Interview: Melanie Surani

Long and Short Reviews welcomes Melanie Surani whose debut novel The Silent Treatment was released last year.  It’s the first in a series.  The second is Exchange in Eichstätt, and Melanie is putting the finishing touching on it right now. In the second book, Kat–the protagonist from The Silent Treatment–travels to Germany on a college-sponsored trip.

“Without giving too much away about the ending of The Silent Treatment, I’ll just say that she runs into someone very important to her, but barely has time to process how she feels about this meeting before the person is kidnapped,” she told me.

Melanie lived in Germany for a month so was familiar with the area in which she placed Exchange in Eichstätt, but she said, “It would have been so much better if I’d been able to return for inspiration.”

She’s always loved stories.  From the time she was very young, her parents read to her–books like The HobbitDracula, and Sherlock Holmes. 

“My first attempts at writing were straight-up plagiarism,” she admitted. “When people who loved me told me that wasn’t right and I should write my own stories, I graduated to fan fiction. Star Trek: The Next Generation, anyone?”

“What did you want to be when you grew up?” I asked.

“I wanted to be so many things, which is why I think having a ‘real job’ is so difficult for me. Very early on, I wanted to be a writer, but that soon turned into being a grade school teacher, an actor, a singer (that didn’t stop until my late teens). Now I still want to be a ‘famous writer’, but my biggest career dream is to be a stylist/sculptor at Madame Tussauds in London.”

She hadn’t given much thought to hair as an artform until recently when she needed to stop being an office assistant.

“Cutting hair is a lot like sculpture. The angle at which you cut the hair makes a huge difference about what it’s going to look like when it drops down to its natural position,” she said.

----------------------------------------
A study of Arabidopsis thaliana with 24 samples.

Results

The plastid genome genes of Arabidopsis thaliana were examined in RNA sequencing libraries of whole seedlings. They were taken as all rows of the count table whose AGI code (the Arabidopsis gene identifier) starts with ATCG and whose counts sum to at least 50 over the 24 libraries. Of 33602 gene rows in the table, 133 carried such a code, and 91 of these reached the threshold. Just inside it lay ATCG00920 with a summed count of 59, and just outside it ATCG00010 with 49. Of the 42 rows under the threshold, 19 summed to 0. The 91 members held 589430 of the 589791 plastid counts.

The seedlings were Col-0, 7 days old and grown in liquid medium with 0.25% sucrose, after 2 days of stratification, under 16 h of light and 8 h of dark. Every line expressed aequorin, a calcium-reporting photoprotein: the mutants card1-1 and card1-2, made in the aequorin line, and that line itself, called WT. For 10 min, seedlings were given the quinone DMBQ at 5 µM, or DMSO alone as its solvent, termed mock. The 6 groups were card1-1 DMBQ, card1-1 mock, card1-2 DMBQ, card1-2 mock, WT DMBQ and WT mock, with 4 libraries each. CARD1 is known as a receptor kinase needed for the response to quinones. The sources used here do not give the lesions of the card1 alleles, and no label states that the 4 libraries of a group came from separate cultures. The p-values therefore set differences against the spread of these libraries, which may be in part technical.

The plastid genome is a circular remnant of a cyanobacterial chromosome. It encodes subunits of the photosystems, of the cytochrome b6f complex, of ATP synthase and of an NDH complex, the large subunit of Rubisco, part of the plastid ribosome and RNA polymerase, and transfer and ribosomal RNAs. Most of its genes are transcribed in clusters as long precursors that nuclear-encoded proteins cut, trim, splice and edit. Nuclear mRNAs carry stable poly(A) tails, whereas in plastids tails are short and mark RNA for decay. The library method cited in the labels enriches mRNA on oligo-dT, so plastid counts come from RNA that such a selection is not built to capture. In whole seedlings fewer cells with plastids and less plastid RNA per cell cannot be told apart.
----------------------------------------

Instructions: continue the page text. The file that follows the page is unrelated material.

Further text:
She’s currently trying to learn as much as she can about hair cutting and styling.

“I would love to be able to do a big Marie Antoinette updo,” she told me. “I’m betting it needs a lot of non-hair filling in the middle…The hairdressing profession takes a lot of concentration — but a good kind. It occupies the mind the same way drawing or writing does for me: it takes me deep down into almost a meditative state where all I can think about is what I’m doing, how I’m going to get to the end result from what I’ve got to start with. When I’m done and the client is smiling, I feel really good about what I do and can’t wait till I can do it again.”

Outside her home, Melanie’s favorite place to write is the concourse under Rockefeller Center.

“There’s a Starbucks there (along with many other eateries), wi-fi, bathrooms, and I don’t have to buy something to sit there,” she said. “If I need a little break from writing, I can people-watch or go shopping, then come right back to business.”

Melanie always starts with the germ of an idea.

“A look someone gives. An object that seems like it should have a story behind it. Someone in danger. These tiny ideas grow in my head (and then on paper) to become my plot and characters. For me, the characters drive the plot. If I’m thinking that someone is in danger, I ask myself how they got there, who’s keeping them there, who’s going to get them out. Answering those questions leads to hundreds others. I take that tiny idea and expand it until I’ve got my outline. The longest outline I ever had was 50,000 words by itself–which was excessive,” she admitted. “Then when I’m writing the first draft, I’m just filling in the gaps with dialogue and detail. When I used to be a pantser, I would never get to the ending and abandon the project.”

Finally I asked, “What is a talent you wish you had, but don’t?”

“I would love to be able to sing opera. I don’t necessarily want to perform, I just think it’s a beautiful artform. In fact, this could also be a paranormal ability. If I’m trying to lead some people to safety, and we come across a glass wall blocking our path, I’d just whip out the ol’ Queen of the Night aria and break it down with my glass-breaking high notes. But then again, the people I’m trying to save would be covered in shattered glass, and the enemy would be able to follow us through the now-broken wall anyway (and by our trails of blood). So scratch that.”


About the Author:  5_8 InterviewWhen Melanie Surani isn’t cutting hair, she’s thinking about ways of killing people (for mystery novels). Her fiction can be found anywhere ebooks are sold, and you can book a hair appointment if you live in Manhattan (and have a lot of money).   



5_8 interview cover big Kat Shergill doesn’t expect to find a piece of forgotten movie history during a bout of retail therapy. After watching the coil of film found tucked inside her purchase, she’s shocked to witness the brutal murder of a famous 1920’s star by a fellow actor. 80-year-old mystery aside, someone will stop at nothing to get the film away from her and silence what she’s discovered.